Visitors to Steve Jobs's house in Palo Alto or to Apple's corporate headquarters in Cupertino, California, were all too familiar with one habit that helped Jobs to clear his mind and develop novel ideas.
Brent Schlender covered Steve Jobs for 25 years for Fortune and The Wall Street Journal. In Becoming Steve Jobs, Schlender recalled that Jobs would invite him to the house "for a walk" when he wanted to talk about a subject. Jobs and chief designer Jony Ive were often seen taking regular "brainstorming walks" around the Apple campus. Pixar employees told Schlender that Jobs "was always big on going for walks with people."
A recent batch of neuroscience research proves that Jobs was on to something. Walking really does spark our creativity.
Let your brain's genius lounge find novel solutions
In The Net and the Butterfly: The Art and Practice of Breakthrough Thinking, authors Olivia Fox Cabana and Judah Pollack cite current studies that show breakthrough ideas occur when the brain switches modes--from the "executive network" to its "default network." While the executive part of our brain is task and goal-focused, the default network--the "genius lounge"-- meanders and brainstorms. The two work together. The executive network sets a goal or identifies a problem and moves on to perform other tasks while the default network comes up with creative solutions.
According to the research, taking a walk is the best way to trigger cooperation between the two modes and unleash your most creative ideas. "If we had to choose one single mindless activity for you to do, it would be walking," Cabana and Pollack conclude.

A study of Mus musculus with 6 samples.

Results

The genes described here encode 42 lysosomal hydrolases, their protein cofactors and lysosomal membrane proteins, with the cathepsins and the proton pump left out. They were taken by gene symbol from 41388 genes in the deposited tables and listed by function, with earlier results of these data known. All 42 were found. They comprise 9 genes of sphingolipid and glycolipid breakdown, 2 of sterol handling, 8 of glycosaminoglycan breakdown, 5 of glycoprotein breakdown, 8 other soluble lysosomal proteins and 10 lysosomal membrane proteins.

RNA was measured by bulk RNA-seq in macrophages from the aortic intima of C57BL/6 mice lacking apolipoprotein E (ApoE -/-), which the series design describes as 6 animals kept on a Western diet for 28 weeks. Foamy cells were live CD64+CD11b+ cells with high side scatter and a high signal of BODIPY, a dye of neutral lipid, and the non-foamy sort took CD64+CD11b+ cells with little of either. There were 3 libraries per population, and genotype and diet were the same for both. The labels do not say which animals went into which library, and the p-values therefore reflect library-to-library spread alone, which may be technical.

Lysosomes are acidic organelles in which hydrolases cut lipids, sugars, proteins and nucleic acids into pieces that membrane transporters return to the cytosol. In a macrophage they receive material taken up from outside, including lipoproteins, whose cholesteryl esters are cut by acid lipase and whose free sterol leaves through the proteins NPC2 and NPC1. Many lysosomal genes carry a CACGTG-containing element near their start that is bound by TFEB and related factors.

According to a Stanford study, walking boosted a person's creative output by 60 percent. The subjects were given "divergent thinking" tests, which measure creativity. They were asked to think of alternative uses for a particular object and they had four minutes to come up with their responses for each set of objects. Responses were "novel" if the other participants in the group had not thought of the idea.
The Stanford researchers measured the creativity of subjects while they walked and while they sat. The majority of participants were far more creative when they walked. Movement was the key. "The act of walking itself, and not the environment, was the main factor," according to the Stanford research.
Florence Williams prefers to walk outside. The author of the new book The Nature Fix and a contributing editor to Outside magazine, she writes, "We benefit cognitively and psychology from having trees, bodies of water, and green spaces to look at." Like The Net and the Butterfly, Williams cites research that shows our brains' default network is the key to creativity. According to Williams, it's the part of our brain that's "free-ranging, day-dreaming, and mind-wandering."
Our ancestors were on the move
Neuroscientists who study attention say the results of walking studies aren't surprising because our ancestors moved--a lot. According to University of Washington biologist John Medina, "from an evolutionary perspective, our brains developed while working out, walking as many as 12 miles a day. The brain still craves that experience."
In a study for the American Journal of Human Biology, Yale researchers say that because our brains evolved while walking, it's good for our health and good for our minds. "So move, and preferably often, since the need for activity seems to be built into our bones and hearts and being."
Certainly there are health benefits to being on the move. Lower blood pressure and the reduced risk of stroke seem to be the primary benefits of walking for exercise, according to the Harvard Medical School. The latest neuroscience confirms that walking really does have a creative benefit, too.
So consider getting up out of your chair and getting on the move. A breakthrough idea might be waiting in your brain's genius lounge.